New Delhi: The Supreme Court today refused to interfere with the four-year undergraduate programme introduced by the Delhi University but asked it to be sensitive towards the problems faced by visually challenged students who claimed that they would be put at a disadvantage.
A bench of justices BS Chauhan and Dipak Misra said that it cannot direct the University on how to run the course but asked it to look into the problems faced by the blind students.
"We should not run the country or the University sitting in the court room. We cannot issue mandamus to do this," the bench said while refusing to interfere in the new course.
"We share your agony and the problem faced by you must be looked into by the committee," the bench said.
It was referring to the committee appointed by the Delhi University to look into grievances related to the course, which is being introduced from this academic session.
"Whatever your grievances are, you file representation to the committee and we would ask the committee to look into it within a week," it said.
The court was hearing a plea filed by an NGO Sambhavana alleging that visually challenged student would not be able to meet the requirements of the foundation course in the first year of the programme as it contained a bouquet of 11 courses which included mandatory Building Mathematical Ability and Science and Life.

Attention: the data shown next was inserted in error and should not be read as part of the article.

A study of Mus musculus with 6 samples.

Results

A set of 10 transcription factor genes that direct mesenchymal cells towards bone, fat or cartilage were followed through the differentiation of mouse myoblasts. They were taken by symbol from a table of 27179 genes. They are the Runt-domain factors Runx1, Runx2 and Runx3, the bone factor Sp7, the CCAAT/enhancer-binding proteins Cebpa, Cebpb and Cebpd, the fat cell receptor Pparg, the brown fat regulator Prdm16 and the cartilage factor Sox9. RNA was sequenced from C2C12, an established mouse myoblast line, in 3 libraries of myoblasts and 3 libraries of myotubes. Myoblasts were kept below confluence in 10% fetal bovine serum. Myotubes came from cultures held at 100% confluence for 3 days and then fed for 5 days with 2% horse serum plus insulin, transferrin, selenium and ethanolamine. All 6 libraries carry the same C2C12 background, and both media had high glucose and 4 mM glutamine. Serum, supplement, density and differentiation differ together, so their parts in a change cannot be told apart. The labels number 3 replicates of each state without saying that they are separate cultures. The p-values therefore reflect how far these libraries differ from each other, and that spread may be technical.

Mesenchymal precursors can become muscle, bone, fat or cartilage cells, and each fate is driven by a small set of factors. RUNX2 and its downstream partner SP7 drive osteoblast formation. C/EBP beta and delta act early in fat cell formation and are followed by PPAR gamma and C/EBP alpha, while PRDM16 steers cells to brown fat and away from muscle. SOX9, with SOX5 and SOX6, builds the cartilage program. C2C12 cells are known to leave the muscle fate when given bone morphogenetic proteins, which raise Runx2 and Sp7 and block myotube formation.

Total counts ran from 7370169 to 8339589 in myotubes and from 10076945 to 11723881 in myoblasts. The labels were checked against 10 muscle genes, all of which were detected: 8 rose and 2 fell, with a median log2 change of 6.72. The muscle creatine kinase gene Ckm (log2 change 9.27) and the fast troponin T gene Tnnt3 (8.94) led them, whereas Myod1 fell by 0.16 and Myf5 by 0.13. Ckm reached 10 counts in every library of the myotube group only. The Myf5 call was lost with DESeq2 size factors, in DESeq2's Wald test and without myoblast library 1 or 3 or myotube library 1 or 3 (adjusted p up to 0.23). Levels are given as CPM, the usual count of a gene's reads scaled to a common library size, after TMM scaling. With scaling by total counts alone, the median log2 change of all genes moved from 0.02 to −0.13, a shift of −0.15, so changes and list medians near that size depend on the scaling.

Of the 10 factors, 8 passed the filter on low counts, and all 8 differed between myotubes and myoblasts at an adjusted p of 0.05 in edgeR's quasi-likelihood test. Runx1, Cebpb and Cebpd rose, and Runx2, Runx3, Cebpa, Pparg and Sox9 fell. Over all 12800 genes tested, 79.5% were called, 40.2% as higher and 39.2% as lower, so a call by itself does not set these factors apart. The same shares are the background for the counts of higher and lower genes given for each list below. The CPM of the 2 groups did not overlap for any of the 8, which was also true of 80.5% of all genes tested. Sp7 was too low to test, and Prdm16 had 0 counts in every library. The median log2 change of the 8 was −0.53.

The bench, however, made it clear that visually challenged students should not suffer because of introduction of new syllabus and asked the University to give all facilities to them to compete with other students.
"They must be treated as a special category. Sensitivity must flow. We don`t want these people to suffer," the bench said.
The bench said that it would pass a formal order on the petition.
Sambhavana, a registered society working for the welfare of differently abled students, said, "If the four-year undergraduate programme with multiple degrees is introduced in its present form, the student with vision impairment will suffer irreparable loss as they shall not be able to participate in mainstream education system."